WASHINGTON -- There's a variety of concerns that keep Indo-Pacom on its toes — many centered around the activities of China, which quite often don't match up with the words that come out of Beijing, its commander said.
"We certainly view with concern many of the actions that we've seen from Beijing," Navy Adm. John C. Aquilino said during a presentation today at the Aspen Security Forum in Colorado. "I think what I view with most concern are certainly not the words, but the actions that we've seen."
China's actions in Hong Kong, for instance, reneging on promises of autonomy guaranteed there under agreement in 1997 with the British government, are of concern, Aquilino said.
"Those actions were completely disconnected from the words from Beijing to adhere to the agreement that was in place," he said. "We see similar actions if you were to look at the border of India — we view that with concern. If you look at the actions associated with the Uyghurs in Xinjiang, and the violations of what we believe — the dignity and respect and human rights — that we view those actions with concern."
Also of concern for Indo-Pacom are China's claims on the South China Sea — which Aquilino said interfere with the wellbeing and prosperity of all nations in the region.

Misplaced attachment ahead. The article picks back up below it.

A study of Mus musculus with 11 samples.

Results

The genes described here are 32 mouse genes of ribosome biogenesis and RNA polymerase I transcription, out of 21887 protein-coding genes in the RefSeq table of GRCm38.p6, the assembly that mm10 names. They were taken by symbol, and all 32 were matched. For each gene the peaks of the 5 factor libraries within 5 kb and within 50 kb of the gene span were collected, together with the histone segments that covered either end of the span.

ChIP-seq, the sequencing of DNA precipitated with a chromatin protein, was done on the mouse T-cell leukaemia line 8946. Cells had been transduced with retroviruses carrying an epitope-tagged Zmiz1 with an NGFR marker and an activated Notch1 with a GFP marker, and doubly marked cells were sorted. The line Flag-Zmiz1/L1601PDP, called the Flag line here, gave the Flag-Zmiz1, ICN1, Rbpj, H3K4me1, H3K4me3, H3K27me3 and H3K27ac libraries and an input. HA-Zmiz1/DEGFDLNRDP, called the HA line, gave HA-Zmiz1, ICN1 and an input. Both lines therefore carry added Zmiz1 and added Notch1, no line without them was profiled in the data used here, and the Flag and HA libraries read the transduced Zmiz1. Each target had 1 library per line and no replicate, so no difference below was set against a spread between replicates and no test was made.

"We view with concern [China's] unlawful claim to the entire South China Sea — directly and negatively impacting all of the countries in the region, from their livelihood, whether it be with fishing or access to natural resources," Aquilino said. "Those are the things that lead me to believe that our execution of integrated deterrence has to occur now, and with a sense of urgency."
Ten nations border the South China Sea, and many more nations depend on it for trade with all of those countries, Aquilino said. The prosperity of all depends on continued free access to the waters there.
Roughly a third of liquid natural gas and a quarter of all global trade flows through the South China Sea, Aquilino said. Bordering nations also rely on the sea for resources as well, such as fishing.
"It's critically important for all nations," he said. "The unlawful claim to the entire South China Sea threatens all of that. When we talk about the South China Sea, understanding the importance is critical."
The U.S., in part through Indo-Pacom, works with allies and partners in the region to reduce tensions there, he said.
"We spend a lot of time with our allies and partners to ensure that the international rules-based order is maintained and unlawful claims don't go without challenge," he said. "But the Chinese just recently unilaterally renamed 80 geographic features in the area, with an inherent claim that goes with. That's just counter to what all of the nations in the region would expect, believe, and what they need to maintain their prosperity."
The U.S. has been operating in the Pacific for more than 80 years now, said Aquilino, and will continue to do so, including in order to maintain the agreed-upon international rules-based orders that the U.S. and all pacific nations depend on to ensure prosperity.
"This attempt to restate what a revisionist history view of claims is just counter to everything that those nations with common values believe," he said. "We will operate here to ensure that freedom of navigation for all is maintained, and that we will preserve the stability and peace in the [region's] shared prosperity."